Near roadways across BC and Alberta, in particular along the Yellowhead and Coquihalla Highways, you may have noticed our crews busy at work on the Trans Mountain Expansion Project. Along with the large pieces of equipment like excavators and side booms, you’ll also see electrical warning lines, lane closures and variable speed corridors; all to ensure the safety and security of the public, the environment and our workforce while minimizing disruptions to those travelling in the vicinity of our pipeline route.

Some of the things you might see between Yellowhead and the Coquihalla Summit this summer:

Variable Speed Corridors

Between Yellowhead Highway and Hope you may encounter a few variable speed corridors during your road trip. There are three, 20-minute intervals totaling a possible 60 minutes of delays on your trip, for the entire length of the highway corridor. This is monitored through our extensive traffic management program.

For updates on the latest road conditions, please visit

Traffic Flaggers

Often, large pieces of equipment like excavators are moved from worksite to worksite and due to their large size, they sometimes require traffic flaggers to help safely navigate them as well as traffic through active construction sites. When you see a flagger or any roadside worker, ensure you slow down and drive with extreme caution, stay alert and minimize any distractions.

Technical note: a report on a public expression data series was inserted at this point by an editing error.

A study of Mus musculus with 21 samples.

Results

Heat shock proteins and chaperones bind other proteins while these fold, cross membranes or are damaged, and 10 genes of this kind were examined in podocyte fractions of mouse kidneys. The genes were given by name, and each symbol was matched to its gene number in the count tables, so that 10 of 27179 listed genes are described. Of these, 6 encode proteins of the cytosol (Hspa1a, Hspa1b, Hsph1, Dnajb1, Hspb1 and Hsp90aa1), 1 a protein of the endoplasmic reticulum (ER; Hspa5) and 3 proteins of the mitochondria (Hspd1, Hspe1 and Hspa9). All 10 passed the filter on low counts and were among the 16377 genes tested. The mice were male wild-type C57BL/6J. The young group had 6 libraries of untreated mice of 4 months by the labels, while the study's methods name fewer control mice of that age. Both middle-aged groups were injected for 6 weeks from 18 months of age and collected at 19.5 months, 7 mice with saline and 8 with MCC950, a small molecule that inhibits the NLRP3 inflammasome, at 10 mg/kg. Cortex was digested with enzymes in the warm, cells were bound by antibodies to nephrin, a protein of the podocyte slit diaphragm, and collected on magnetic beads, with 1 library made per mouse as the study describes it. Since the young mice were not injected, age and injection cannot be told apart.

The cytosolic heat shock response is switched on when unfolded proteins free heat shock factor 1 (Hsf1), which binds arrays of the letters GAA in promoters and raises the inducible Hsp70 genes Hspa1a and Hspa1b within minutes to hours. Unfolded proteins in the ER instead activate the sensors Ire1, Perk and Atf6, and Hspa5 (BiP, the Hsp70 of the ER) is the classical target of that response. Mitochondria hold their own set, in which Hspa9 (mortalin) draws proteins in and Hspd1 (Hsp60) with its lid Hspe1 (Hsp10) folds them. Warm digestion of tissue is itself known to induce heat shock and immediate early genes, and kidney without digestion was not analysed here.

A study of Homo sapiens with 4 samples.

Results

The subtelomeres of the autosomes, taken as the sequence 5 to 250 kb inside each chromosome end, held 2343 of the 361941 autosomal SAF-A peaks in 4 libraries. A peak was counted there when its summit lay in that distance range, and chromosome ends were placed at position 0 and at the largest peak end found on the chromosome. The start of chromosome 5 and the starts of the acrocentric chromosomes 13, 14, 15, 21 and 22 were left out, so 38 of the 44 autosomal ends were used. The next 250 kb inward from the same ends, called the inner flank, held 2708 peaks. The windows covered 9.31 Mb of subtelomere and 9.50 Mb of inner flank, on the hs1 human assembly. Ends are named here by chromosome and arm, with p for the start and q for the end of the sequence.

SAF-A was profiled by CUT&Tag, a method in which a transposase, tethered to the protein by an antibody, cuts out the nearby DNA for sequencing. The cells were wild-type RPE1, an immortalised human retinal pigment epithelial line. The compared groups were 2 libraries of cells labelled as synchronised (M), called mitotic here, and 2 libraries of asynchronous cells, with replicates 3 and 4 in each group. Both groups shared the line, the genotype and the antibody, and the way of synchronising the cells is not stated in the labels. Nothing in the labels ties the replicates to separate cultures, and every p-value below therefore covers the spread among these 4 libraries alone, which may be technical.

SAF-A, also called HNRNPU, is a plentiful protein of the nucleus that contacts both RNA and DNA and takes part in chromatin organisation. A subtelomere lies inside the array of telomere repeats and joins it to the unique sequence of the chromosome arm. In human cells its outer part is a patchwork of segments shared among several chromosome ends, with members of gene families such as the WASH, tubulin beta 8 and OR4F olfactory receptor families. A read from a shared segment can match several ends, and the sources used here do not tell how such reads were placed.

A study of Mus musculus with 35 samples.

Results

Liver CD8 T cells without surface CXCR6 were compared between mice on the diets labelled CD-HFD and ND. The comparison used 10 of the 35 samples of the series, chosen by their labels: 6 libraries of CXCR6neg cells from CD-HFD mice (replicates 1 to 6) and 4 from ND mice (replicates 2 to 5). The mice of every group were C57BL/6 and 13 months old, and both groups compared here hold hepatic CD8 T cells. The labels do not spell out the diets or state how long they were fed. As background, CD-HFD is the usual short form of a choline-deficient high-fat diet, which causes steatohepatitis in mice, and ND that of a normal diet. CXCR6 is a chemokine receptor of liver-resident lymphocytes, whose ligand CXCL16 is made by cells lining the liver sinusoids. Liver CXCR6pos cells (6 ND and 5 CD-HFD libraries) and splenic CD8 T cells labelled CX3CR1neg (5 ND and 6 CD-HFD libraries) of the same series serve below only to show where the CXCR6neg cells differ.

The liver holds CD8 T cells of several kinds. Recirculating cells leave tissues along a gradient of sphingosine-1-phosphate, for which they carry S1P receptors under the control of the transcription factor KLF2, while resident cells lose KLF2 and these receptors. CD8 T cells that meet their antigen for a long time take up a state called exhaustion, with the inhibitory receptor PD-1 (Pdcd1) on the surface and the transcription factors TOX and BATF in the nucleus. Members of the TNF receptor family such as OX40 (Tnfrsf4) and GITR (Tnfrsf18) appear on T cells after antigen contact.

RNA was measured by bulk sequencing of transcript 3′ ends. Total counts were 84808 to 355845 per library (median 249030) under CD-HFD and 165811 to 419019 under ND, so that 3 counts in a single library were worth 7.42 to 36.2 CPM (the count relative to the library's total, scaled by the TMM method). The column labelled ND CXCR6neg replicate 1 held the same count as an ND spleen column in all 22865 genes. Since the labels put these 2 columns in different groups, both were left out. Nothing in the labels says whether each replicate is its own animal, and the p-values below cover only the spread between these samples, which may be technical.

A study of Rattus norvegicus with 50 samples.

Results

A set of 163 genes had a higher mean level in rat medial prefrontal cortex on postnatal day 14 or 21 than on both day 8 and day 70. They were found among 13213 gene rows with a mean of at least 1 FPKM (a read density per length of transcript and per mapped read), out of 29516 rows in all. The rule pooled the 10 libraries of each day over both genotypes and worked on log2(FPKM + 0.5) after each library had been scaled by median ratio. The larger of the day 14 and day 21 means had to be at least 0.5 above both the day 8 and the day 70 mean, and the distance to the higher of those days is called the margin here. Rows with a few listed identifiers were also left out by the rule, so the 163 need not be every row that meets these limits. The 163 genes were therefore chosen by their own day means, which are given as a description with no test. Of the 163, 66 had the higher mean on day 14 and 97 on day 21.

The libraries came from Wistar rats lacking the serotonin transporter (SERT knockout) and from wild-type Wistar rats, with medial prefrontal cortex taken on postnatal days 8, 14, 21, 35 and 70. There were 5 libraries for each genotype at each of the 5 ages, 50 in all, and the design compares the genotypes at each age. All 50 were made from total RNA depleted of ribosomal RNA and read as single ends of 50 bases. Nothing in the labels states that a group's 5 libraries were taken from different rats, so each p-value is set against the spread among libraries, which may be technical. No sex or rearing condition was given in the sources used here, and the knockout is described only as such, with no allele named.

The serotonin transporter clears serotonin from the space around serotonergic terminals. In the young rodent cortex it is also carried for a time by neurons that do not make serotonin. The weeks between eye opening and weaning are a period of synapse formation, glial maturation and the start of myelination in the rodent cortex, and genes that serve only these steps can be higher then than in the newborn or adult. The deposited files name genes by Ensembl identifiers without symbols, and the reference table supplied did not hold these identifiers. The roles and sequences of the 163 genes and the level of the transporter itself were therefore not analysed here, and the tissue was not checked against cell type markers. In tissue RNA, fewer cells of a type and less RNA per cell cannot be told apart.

The electrical warning flags monitor the height of electrical lines at all worksite access points so those driving through with large pieces of equipment can see how close they are and safely navigate around the live wires. In the industry, we call these goal posts. The flags also give information to crews if the electrical line is getting too hot as the flags will begin to sag.


If you are travelling in the evening, you may encounter signs that we are doing rock blasting activities at night in Hope, but we anticipate this will not require any lane closures.

Wildfire Activity

Trans Mountain is also working closely with the Ministry of Transportation and Infrastructure (MOTI) and the BC Wildfire Service to keep the highways clear for forest fire emergency activities. In those cases, we remove everything from the highway and shut down our activities.

In some cases, our crews have been in the right place at the right time. On numerous occasions this summer, our quick-thinking crew members jumped into action after vehicles caught fire near the ditch and our water truck drivers managed to be on scene before the fire spread and put it out before the emergency fire crews arrived.

If you are driving in the Lower Mainland:

Particularly along United Boulevard, you may also face delays, lane closures or disruptions, but this is all done in the name of safety for everyone working on the Project and travelling in the areas where we are working.

For more information about construction or to sign up for our regional construction updates, please visit our interactive map.